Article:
2021 was another challenging year in Anapra due to Covid. Vaccines rolled out slowly in Anapra and are just now available for 15-18 year olds. The factories promoted and provided incentives for workers to get a vaccine in order to re-open factories and get people back to work. Elementary and junior high schools offered in person classes in the fall. Colleges and high schools were still online only.
As if rearranging life to accommodate Covid wasn’t enough, Mother Nature sent damaging storms to test the resiliency of our friends in Anapra. The need was great and friends of Anapra responded graciously. The people in Anapra send their blessings and gratitude for all the help provided. Here is a review of Manos Amigas activities in 2021.
Two members of the Kansas City Core Team were able to visit Anapra and celebrate graduates in a Covid friendly way.
Meet Dave and Ezequiel, new members of the core team in Anapra. Dave is a long time friend of Anapra living in Juarez. Ezequiel is architecture student in the school sponsorship program.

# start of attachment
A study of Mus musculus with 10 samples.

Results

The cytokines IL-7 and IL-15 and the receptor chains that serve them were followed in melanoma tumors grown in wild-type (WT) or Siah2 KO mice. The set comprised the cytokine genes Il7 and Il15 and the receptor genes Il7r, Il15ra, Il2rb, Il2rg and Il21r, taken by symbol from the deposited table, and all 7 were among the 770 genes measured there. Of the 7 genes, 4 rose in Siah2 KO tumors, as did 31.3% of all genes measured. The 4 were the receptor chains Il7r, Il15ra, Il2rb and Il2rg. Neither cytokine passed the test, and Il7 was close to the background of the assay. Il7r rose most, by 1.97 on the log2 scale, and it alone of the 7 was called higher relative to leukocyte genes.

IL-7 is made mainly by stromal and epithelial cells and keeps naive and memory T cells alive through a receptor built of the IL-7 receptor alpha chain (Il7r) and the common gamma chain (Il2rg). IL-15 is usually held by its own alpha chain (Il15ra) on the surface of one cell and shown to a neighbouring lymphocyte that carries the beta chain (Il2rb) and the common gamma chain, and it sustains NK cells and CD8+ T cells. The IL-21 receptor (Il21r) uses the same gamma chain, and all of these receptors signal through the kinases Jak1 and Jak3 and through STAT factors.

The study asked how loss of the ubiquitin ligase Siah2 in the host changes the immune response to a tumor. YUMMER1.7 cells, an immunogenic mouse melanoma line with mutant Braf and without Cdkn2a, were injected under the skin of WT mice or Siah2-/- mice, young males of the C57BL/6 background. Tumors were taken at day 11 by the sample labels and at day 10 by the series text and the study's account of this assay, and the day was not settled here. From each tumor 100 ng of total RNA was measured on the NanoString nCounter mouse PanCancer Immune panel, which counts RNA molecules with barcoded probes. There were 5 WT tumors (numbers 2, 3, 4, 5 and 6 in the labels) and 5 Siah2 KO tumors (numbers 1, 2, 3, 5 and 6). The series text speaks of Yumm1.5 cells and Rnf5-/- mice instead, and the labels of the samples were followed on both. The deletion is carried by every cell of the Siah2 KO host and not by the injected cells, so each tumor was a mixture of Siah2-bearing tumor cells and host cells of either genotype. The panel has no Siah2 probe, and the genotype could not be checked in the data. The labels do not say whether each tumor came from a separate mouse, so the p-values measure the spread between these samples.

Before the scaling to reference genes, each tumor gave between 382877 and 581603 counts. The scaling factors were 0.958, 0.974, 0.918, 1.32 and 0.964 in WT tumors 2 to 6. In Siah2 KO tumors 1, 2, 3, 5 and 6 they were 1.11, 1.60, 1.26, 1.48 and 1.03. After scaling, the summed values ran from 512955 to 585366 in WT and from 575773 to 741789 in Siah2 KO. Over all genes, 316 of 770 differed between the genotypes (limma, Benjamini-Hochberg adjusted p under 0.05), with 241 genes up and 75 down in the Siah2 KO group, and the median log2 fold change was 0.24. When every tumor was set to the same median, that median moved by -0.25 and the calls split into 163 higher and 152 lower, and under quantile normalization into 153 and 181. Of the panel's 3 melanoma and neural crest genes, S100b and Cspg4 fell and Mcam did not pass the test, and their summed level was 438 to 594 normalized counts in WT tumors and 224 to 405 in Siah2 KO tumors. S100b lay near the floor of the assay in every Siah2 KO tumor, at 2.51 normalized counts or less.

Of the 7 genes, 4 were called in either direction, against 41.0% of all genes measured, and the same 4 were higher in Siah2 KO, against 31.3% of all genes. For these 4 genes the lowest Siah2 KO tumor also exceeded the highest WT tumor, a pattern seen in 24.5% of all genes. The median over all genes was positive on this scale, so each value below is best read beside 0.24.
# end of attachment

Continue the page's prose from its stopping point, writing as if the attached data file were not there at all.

The School Sponsorship program was reviewed and changes made to protect the safety of students and sponsors. Sponsorship is now $30 per month per student to make payments more manageable for sponsors.
Christmas food basket delivery demonstrates the spirit of the Christmas season. 55 families and elderly received this blessing in 2021.
In February, a winter storm affected power across Texas and into Mexico. Anapra was without water, electricity and gasoline. Some people melted snow to put in toilets. Manos Amigas helped 50 families replace water pipes that froze and then broke because of the extreme cold.
In August, torrential rains fell in this desert area that is not built to handle rain. Manos Amigas helped 40 families repair damaged roofs to protect their homes and families.
From November thru February, Manos Amigas provides heat assistance for 25 elderly people who have very little to no income in their later years. Some use firewood, others use propane gas. Electricity is too expensive.
Babies born during the pandemic are truly miracle babies. They were born in hospitals full of covid patients in a country with limited resources to combat the virus. Their parents were already managing with limited income because of work reductions and higher prices. Having a baby was a blessing and a lot of extra stress to afford diapers and care. Manos Amigas started a new program, Pies Pequeños (Little Feet) to support babies from birth thru 18 months. Parents receive wipes, help with diapers and attend monthly support meeting facilitated by two of the moms. Ivon is a graduate from nursing school and Wendy is currently studying at the Anapra Engineering College.